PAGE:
The gift of movement

My city, Akron, boasts a myriad of ways to deliver art and culture to we, her lucky citizens. Our local arts scene is thriving beyond all proportion to our size, geography, and, I’d guess, our reputation. Much of that is a grassroots phenomenon, driven by people like my own better half—embedded artists doing much more than their own fair share to serve us all by serving up the arts.

But due credit must go to the municipality as well, which puts as much effort into that same noble cause that some towns devote to rib fests and hot-dog eating contests (not that there’s anything wrong with either of those). The city’s summertime Dance Festival is one example among many, but it’s at top of mind for me at least as I’ve spent the last two consecutive Fridays taking in the dance performances that my city has worked so hard to bring before me.

These weren’t my first such exposures—a couple years ago I reported on my attendance at a truly stunning performance by Ballet Hispanico. It was transformative; at the time I noted that dance was (and is) a performing art about which I know little, and with which I’m least engaged. Yet I saw something there—felt it—that let me know that here was an art with depth and breadth of meaning, of subtext, of storytelling.

I felt that again, I confirmed it, these past two weeks, with outdoor, under-the-blazing-stars performances by Groundworks DanceTheater and Urban Bush Women. Their styles, approaches, methods, and stories are vastly different, and I haven’t the words or aptitude to try to interpret or contrast or even to describe them. All I can say was that in each case, in equal measures, I was rapt, fully pulled in, fully experiencing each nuance of motion.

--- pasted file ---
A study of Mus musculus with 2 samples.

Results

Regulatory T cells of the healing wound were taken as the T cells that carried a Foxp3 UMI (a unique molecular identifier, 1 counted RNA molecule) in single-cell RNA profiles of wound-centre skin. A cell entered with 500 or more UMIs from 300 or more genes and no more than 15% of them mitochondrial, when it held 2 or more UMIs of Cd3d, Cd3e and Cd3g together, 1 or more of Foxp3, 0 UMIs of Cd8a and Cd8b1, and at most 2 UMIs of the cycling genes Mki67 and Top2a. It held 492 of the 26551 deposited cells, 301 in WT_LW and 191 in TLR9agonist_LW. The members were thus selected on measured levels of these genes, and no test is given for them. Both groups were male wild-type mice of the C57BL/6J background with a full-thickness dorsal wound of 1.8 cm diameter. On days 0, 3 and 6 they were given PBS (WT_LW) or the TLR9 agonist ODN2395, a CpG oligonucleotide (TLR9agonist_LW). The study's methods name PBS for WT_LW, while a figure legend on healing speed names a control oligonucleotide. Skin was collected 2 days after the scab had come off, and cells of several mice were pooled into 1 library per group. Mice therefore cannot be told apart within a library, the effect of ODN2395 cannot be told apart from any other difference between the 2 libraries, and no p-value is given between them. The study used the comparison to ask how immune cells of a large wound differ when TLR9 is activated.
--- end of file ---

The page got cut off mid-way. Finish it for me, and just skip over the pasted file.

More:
What I hadn’t understood, what I’m still coming to terms with, is that these dancers do very much tell a story; they take the stage in order to encode a message. It is sometimes an anecdote, often an entreaty, not infrequently a desperate demand.

The music that gives fluidity to their movements are elements of story, but—and I suspect this is key—silence is too. There’s something strangely unsettling in seeing a long stretch of choreography unaccompanied by music. The audience becomes supernaturally still, and all that can be heard is the slap and stomp of the dancers’ feet, and the sounds of their exertions. The music goes missing, the dance goes on. There are obvious theses to what they’re telling me from the stage, but there are much more subtle revelations hidden within the nested layers, some of which I’m not entirely sure I was meant to understand. That is a reminder and a constant of life writ large. In dance and in everything, I come to terms with it.

So dance, I say, is cerebral beyond anything I ever suspected or would have posited.

Or…maybe it’s just dance. Let us all be the judge:

About editor, facilitator, decider

Doesn't know much about culture, but knows when it's going to hell in a handbasket.